Is Welfare Policy in America Broken? (Poverty #1)

by Mar 7, 2018

When I speak to various audiences around the country I have often asked them at the outset how many people believe that we have some serious economic problems in our nation. Invariably nearly everyone will raise his or her hand. There is at least the sense or feeling that something has gone terribly wrong in our country. However, when people are asked to identify the source of the problem there is widespread disagreement.

I personally agree with the popular belief that our nation faces serious economic problems that will likely plague us for years to come. Moreover, I believe that the widespread disagreement as to the source of our troubles is due to an equally widespread miseducation. I have spent my career aiming at correcting the many myths that I was taught in our educational system. Along the way I have been blessed to have some excellent academic mentors that have aided me in this process. One important mentor was a man by the name of Clarence B. Carson. Dr. Carson was a historian by training and his many books and articles were very useful in correcting my understanding of many things. With this as a starting point I’ve also researched and written numerous books on my own.

While it would be impossible to deal with every reason for our current economic problems, we could examine one area of policy to understand its failure. Based on the knowledge I have gained over the years I would like for us to consider whether welfare policy in this country is broken. I believe that it is and that the reason why it is can be clearly understood if the right kind of examination of it is made. Therefore, what I would like to do is to consider that subject in a series of blogs.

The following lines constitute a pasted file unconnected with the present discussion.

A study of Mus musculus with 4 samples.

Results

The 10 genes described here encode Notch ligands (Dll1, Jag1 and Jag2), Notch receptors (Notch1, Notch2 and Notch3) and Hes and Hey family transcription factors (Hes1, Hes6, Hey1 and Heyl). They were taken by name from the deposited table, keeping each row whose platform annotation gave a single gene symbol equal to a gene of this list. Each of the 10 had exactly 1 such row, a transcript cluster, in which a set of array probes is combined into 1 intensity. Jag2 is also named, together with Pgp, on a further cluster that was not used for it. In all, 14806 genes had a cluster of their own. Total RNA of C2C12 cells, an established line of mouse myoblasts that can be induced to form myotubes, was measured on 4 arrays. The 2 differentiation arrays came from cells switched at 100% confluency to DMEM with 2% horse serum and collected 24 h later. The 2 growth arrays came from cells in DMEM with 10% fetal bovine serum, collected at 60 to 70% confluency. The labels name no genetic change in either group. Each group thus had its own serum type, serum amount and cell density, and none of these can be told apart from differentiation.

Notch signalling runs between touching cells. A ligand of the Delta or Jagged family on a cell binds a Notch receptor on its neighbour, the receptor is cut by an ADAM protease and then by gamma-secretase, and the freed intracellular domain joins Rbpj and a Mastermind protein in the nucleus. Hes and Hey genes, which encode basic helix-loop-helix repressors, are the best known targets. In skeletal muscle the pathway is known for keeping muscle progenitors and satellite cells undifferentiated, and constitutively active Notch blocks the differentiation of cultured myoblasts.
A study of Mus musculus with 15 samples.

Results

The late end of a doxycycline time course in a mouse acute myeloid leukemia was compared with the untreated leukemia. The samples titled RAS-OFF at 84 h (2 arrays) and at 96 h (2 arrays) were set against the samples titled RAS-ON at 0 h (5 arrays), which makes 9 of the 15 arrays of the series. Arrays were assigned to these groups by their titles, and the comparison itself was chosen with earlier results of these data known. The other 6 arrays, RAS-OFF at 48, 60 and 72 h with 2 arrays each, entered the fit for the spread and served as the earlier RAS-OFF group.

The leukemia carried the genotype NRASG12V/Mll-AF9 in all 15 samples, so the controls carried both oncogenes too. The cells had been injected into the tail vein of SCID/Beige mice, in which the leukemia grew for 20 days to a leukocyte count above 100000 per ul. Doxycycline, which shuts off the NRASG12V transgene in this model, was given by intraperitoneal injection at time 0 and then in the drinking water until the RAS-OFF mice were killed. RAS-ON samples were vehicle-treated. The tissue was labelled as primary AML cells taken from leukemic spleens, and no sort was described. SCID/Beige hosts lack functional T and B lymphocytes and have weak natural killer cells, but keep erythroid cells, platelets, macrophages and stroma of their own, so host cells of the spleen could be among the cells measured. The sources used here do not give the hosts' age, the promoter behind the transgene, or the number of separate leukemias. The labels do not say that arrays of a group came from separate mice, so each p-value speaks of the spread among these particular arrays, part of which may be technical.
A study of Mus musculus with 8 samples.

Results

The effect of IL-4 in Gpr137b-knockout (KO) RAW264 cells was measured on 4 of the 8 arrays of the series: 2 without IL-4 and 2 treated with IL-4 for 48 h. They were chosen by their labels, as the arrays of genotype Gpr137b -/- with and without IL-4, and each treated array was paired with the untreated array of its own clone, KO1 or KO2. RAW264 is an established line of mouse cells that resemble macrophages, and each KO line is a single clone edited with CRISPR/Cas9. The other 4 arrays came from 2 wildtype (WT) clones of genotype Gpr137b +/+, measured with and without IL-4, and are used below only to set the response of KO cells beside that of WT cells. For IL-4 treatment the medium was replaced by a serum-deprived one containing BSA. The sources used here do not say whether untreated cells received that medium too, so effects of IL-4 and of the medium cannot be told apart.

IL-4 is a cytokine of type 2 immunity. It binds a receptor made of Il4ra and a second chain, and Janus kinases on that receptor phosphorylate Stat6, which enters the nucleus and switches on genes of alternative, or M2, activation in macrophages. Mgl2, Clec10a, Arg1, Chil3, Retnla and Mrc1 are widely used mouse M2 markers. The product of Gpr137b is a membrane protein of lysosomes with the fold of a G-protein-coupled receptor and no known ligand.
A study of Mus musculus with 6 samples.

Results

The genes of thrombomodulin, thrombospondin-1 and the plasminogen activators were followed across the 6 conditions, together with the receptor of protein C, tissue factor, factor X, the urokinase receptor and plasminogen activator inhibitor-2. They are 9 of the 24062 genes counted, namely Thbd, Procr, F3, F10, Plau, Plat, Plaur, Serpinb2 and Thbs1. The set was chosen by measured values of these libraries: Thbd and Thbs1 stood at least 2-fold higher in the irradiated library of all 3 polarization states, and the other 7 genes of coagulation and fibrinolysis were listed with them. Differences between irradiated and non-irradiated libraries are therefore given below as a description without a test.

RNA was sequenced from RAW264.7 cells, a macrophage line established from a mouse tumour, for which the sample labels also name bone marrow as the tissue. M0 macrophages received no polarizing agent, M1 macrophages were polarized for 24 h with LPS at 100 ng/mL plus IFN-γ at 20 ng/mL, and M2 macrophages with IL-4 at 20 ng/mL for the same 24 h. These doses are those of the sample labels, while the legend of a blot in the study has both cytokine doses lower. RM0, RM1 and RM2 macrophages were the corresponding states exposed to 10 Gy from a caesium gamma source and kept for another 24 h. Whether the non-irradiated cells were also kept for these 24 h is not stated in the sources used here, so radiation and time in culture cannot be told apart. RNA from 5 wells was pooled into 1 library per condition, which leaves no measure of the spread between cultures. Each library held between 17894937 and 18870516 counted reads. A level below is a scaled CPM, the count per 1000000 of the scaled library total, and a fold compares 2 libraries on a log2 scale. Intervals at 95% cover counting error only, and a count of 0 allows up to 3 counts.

We must first consider what poverty is. After all, it is our concern for the poor that has resulted in the nation’s current welfare programs. The question is, do they work? The next thing that we need to consider is the goal of our efforts to help the poor. Unless we have the right goal, we will never reach it. Then we can turn our attention to programs that work and programs that don’t. Finally, we can consider the platforms of the Republican and Democrat parties to see if they are likely to offer any progress in actually addressing poverty in America.

Paul Cleveland

Boundary Stone was started by Dr. Paul Cleveland. Working as a professor for over 35 years has allowed him to study and think deeply about issues of political economy. He has discovered ways to communicate these sometimes illusive concepts to today's students, often through story telling, which makes understanding these principles more accessible to all of us.